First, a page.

Eddy Yamamoto, or Eddy Y as he is widely known, is a self-taught commercial artist, designer and entrepreneur who has dedicated over 40 years to the creation of art – everything from textile patterns and album covers to large murals and event posters. If you live in Hawaii or have visited the islands, most likely you have encountered Eddy’s art at some point in time.
Eddy was born in Japan and moved to the Big Island at age 14. At a very young age, his mother recognized his incredible artistic talent and enrolled him in professional art lessons. “I hated school and didn’t care for art theory or the intellectual side of art, I just wanted to create.” His passion for drawing and painting only increased as the years went on, but so did his desire to create something different and unique. He put a lot of thought into the concepts behind his artwork, wanting to position himself uniquely in the market. “I always had an entrepreneurial business mind. I thought about how I could market and sell myself, not just creating the art itself. I want to do what no one else is doing. I want my work to be different and unique.”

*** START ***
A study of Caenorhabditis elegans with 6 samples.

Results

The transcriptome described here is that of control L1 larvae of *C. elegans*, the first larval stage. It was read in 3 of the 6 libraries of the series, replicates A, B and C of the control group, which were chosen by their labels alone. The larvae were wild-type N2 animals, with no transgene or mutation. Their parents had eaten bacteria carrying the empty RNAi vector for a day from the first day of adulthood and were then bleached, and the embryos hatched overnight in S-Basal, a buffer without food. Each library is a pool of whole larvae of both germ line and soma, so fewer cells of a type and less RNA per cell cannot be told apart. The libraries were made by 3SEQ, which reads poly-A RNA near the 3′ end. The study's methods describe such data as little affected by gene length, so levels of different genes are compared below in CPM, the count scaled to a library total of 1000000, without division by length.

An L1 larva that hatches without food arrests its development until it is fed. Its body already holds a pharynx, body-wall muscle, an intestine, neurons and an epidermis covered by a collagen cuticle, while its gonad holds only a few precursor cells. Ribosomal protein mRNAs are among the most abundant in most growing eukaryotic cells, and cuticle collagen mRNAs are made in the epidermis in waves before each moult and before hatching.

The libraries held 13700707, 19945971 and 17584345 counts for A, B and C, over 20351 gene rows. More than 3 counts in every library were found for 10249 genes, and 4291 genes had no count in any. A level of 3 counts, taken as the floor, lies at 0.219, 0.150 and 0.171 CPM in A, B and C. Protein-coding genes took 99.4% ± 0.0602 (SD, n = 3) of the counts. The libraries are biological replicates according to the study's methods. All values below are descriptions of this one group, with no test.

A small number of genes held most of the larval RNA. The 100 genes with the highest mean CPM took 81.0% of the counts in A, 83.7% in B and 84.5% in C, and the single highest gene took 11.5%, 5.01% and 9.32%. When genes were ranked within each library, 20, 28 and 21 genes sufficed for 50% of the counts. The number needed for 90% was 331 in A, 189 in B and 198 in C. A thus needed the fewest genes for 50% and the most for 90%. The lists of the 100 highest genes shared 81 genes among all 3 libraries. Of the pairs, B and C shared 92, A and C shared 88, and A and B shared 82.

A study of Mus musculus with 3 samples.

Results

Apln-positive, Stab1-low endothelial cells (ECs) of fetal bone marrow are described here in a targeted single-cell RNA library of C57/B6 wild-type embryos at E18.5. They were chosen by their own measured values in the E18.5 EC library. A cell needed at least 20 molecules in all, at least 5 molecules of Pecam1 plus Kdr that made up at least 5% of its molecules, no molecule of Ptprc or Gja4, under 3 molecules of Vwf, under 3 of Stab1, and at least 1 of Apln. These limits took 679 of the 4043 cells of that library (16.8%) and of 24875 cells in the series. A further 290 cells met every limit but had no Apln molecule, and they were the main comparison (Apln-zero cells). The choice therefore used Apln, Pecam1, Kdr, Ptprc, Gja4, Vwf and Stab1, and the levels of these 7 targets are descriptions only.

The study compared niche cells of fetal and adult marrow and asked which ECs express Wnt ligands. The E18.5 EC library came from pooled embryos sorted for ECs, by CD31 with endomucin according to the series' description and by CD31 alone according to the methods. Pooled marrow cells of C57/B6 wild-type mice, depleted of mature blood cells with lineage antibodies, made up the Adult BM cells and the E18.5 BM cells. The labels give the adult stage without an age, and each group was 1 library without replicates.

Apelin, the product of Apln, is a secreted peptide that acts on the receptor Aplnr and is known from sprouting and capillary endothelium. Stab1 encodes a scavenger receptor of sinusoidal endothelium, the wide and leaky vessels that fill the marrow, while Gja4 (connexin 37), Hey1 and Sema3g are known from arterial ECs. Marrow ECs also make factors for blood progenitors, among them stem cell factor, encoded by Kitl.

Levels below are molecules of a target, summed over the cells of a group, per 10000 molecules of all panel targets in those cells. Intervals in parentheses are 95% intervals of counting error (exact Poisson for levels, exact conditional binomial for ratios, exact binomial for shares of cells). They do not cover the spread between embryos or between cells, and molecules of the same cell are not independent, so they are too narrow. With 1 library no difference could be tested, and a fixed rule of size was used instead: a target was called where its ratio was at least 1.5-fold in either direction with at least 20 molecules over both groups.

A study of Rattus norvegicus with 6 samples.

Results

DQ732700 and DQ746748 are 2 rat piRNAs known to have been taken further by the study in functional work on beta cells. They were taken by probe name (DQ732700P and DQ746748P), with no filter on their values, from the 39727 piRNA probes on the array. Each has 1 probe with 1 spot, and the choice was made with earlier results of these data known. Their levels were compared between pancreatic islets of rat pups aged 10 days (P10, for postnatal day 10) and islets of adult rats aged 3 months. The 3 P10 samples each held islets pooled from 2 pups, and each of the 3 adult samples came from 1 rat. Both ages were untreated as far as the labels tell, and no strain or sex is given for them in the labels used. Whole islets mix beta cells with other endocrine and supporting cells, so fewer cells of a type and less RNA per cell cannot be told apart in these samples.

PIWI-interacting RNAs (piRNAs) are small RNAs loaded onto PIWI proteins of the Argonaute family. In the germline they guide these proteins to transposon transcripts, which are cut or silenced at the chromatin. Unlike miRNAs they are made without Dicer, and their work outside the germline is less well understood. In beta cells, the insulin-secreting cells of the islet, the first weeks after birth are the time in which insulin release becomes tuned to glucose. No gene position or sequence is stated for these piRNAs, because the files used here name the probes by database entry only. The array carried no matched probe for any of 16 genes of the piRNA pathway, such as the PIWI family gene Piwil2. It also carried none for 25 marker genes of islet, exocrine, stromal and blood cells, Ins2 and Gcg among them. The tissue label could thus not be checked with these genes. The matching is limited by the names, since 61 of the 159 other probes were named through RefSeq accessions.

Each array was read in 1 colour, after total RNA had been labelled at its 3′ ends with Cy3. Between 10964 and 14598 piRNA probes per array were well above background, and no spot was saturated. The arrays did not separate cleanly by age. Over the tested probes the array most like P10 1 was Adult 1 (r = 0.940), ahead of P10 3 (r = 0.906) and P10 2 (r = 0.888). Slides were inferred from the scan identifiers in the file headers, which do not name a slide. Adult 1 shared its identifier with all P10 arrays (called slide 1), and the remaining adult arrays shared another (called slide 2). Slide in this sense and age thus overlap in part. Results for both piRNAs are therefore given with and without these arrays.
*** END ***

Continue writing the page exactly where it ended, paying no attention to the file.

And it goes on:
In the 70s, Eddy discovered a niche market for surf art. His works celebrated the classic surf culture of the 50s and 60s, embodied by romanticism and nostalgia. In fact, Eddy was one of the very first people to introduce the now iconic Woody imagery into surf art. He relocated to the mainland and started designing prints for women’s clothing. As mainstream interest in surf culture started to flourish, so too did interest in Eddy’s work. His business grew off referrals, and soon he was designing entire lines of menswear surf apparel for Churchill Surfwear, Levi Strauss, Ocean Pacific, Hobie and others. Eventually, he became the Vice President of Hobie, splitting his time as a businessman between Burbank and the Big Island.
“I try to create very accurate depictions of scenes, and put my own interpretation of any scene I recreate but still be as authentic as possible. If I’m painting a car, I put great thought into every detail. The hubcaps, bumpers, the shape. The Mexican blanket draped over the backseat. All of it has to be authentic and accurate.”
In 1992, Eddy quit the business sector and returned to his artistic roots on the Big Island. Since returning to the islands, he has done countless design collaborations with various organizations, including Reyn Spooner, Merrie Monarch Festival and PGA Tour, to name a few. Currently, he is concentrating on paintings and using the knowledge accumulated over the years to share nostalgic surf culture with today’s generation.